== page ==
Council relents, agrees to add staff

The City Council voted to add a new staff attorney, engineer and office specialist at a workshop on the 2005 preliminary budget Monday.

While the city will have to sign three new paychecks, councilors and staff said the new hires will cut overall costs in the $35 million budget and boost efficiency.

“This will give us access to an attorney that has the city’s best interests in mind and is a team player,” Councilman Bob Scales said. “We wouldn’t have the feeling every time we want to ask them a question that we’re on the clock and have to ration our questions.”

The attorney, with annual pay set at almost $110,000, is the most expensive new addition. But councilors said an in-house lawyer will free the city from a dependence on expensive, outside legal consultants who don’t have a focus on city issues.

Finance Director Elray Konkel had estimated that having an in-house attorney could save the city thousands of dollars each year but some councilors doubted the savings would be substantial.

“The cost savings would be a nice surprise,” said Councilwoman Christine Rolfes.

Councilors based their vote on the efficiency boost the new attorney would infuse into city matters. Jim Llewellyn said the city would gain a more vigilant defender, sparing possible future legal complications.

“(Consultants) give advice rather than being proactive and saying, ‘hey, you really should do this now or think twice,’” he said.

Contracted attorneys may not warn of dangers that might mire the city in future litigation, Llewellyn added.

“It’s not in their interest because they would get the litigation down the road,” he said.

The council had pledged last month to not approve new staffing requests unless additions were cost neutral or saved money. All three additions met this criteria, councilors said, citing substantial savings in their vote for a new public works engineer.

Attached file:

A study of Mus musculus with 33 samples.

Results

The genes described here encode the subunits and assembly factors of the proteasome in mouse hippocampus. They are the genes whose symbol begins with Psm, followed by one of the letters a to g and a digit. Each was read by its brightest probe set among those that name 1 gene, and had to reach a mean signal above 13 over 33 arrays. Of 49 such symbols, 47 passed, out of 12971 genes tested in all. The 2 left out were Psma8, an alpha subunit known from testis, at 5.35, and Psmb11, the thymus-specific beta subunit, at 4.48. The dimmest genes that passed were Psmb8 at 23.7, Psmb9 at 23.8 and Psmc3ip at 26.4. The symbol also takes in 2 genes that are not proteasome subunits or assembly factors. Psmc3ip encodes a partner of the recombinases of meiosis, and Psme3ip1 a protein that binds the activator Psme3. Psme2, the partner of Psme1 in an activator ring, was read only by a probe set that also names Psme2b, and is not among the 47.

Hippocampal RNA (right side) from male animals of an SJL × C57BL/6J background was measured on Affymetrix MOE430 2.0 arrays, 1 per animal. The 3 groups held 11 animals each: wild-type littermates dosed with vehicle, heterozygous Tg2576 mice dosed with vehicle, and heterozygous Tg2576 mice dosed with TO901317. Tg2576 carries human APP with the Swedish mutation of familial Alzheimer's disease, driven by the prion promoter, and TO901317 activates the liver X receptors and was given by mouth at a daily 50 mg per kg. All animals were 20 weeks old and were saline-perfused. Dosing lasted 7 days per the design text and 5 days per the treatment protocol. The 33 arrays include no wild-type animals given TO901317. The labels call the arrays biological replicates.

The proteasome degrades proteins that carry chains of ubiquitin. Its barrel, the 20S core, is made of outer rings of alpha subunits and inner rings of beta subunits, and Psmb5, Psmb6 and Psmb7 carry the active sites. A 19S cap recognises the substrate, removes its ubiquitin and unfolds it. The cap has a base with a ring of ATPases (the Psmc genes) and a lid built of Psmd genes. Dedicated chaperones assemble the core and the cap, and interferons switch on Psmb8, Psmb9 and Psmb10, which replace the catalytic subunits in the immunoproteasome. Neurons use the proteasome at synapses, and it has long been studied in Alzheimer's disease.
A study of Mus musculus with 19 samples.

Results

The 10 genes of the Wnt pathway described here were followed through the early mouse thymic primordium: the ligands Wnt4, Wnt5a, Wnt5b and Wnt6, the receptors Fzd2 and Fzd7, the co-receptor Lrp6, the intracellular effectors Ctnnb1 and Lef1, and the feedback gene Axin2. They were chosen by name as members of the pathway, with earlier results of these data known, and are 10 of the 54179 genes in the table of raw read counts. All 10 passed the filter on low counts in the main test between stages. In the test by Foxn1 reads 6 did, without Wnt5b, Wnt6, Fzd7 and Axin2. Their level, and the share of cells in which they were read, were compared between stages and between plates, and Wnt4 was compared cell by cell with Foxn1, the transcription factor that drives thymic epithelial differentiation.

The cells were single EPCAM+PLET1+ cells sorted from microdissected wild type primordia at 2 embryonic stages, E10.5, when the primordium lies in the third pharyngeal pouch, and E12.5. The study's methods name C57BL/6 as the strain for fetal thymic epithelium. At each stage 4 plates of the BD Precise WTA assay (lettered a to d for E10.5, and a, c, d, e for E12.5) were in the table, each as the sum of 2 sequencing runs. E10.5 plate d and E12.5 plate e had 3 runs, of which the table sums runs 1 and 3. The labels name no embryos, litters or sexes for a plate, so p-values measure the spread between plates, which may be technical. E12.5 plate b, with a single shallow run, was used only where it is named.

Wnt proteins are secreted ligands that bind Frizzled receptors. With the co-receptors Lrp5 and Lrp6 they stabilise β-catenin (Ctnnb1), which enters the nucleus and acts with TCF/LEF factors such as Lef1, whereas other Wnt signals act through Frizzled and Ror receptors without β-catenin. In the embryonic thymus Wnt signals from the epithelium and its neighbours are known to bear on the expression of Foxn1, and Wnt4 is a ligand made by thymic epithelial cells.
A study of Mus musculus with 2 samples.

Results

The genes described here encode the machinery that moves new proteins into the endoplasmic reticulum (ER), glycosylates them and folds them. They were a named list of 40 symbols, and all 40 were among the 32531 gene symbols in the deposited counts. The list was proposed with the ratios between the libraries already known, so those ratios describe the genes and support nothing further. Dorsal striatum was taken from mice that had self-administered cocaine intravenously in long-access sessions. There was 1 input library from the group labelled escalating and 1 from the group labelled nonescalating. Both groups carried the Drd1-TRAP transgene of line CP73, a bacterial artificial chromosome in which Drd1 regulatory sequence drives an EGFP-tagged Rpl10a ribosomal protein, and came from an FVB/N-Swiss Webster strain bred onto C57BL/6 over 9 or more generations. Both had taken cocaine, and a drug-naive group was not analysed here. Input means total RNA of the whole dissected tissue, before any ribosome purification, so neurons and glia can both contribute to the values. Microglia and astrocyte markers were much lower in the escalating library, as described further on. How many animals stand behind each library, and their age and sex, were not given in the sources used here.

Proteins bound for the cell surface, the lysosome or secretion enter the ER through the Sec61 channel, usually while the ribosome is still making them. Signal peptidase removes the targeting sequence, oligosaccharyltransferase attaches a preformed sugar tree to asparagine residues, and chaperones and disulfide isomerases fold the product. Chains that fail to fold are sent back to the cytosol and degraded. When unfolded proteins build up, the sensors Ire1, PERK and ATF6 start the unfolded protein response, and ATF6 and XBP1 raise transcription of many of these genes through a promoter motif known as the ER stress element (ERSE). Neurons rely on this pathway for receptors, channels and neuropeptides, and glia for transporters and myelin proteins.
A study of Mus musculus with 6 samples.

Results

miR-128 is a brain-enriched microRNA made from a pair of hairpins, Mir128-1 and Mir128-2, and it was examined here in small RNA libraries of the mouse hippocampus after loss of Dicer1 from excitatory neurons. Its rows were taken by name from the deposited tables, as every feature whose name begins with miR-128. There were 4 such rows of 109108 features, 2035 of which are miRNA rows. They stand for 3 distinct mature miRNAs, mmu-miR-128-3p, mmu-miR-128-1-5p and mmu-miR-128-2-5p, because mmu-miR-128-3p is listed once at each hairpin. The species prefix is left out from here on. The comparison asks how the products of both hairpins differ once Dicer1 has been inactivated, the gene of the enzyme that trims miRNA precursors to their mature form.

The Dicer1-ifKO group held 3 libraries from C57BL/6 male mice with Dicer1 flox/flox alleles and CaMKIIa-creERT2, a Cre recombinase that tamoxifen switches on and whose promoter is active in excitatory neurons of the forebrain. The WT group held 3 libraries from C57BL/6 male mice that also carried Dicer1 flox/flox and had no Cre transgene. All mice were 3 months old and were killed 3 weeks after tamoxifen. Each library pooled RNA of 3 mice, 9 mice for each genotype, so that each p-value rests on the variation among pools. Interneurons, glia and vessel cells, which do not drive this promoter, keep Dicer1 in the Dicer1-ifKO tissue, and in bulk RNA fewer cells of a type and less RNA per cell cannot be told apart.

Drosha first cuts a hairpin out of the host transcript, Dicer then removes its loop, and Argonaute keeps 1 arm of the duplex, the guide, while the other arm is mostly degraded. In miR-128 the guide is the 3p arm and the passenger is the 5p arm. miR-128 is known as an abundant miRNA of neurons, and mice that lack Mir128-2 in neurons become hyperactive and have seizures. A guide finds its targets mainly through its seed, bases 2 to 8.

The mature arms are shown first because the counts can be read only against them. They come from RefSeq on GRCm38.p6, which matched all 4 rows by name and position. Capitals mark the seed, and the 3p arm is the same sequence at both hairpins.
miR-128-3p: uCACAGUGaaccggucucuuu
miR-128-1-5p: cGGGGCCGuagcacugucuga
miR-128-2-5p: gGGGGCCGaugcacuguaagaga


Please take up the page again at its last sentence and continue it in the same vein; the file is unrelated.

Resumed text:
The city had employed a limited-term engineer until his contract recently expired. The department requested that the city create a new, permanent engineering position devoted to capital design projects that are typically handled by outside consultants.

Public Works Director Randy Witt estimates the upcoming Wyatt Way design project could cost about $110,000 if the city used consultants.

But the city will spend just over $75,000 on the new in-house engineer’s yearly pay and benefits, saving the city thousands in the first year.

The Winslow Tomorrow project also received a nod from the council to add an office specialist to assist manager Sandy Fischer with clerical duties.

But Winslow Tomorrow didn’t come away from the meeting with all the funding it asked for. The nearly $39,000 earmarked for the office position was met with a substantial reduction to a requested $212,000 for Winslow Tomorrow professional support services.

Considered vaguely defined by the council, members moved to hold half of the requested amount.

The council will dole out the withheld portion on a case-by-case basis as Winslow Tomorrow makes individual funding requests. Fischer expects to use the money for visual design work, polling and other services.

“We don’t want to derail the work that goes on (with Winslow Tomorrow),” said Scales. “But we want to send the message that we don’t have an unlimited pot.”

Not all new staffing requests were spared the chopping block. The council voted down an Executive Department request for a part-time legal secretary, paid just over $27,000 a year, who would assist the new attorney.

“I’d rather hire an attorney with word-processing skills and leave it at that,” said Rolfes.

The council left the door open on the new position and may attempt to allot funds if the new attorney requires support.

“We will know in short order if we need a secretary,” said Councilman Nezam Tooloee.

The council also deleted over $21,000 for a Bainbridge Island Police Department evidence technician. The position is temporarily funded until September 2005 but councilors saw no cost savings in renewing the position.

“I don’t see where there’d be savings at all,” said Councilwoman Debbie Vann.

“I hope you understand the consequences,” said Chief Matt Haney after the council’s vote, warning that he may have to pull a patrol officer “off the street for clerical duties.”

More than 1,000 pieces of evidence were submitted in the first half of 2004, increasing the typical workload by about 25 percent, department officials stated.

Tooloee advocated leaving open the option of hiring a technician in the future if the need arises.

The council also dropped a public works inventory specialist from the budget. The cut saves almost $49,000 a year.

The council will discuss the budget again on Monday from 9:30 a.m. to 5 p.m. at City Hall council chambers.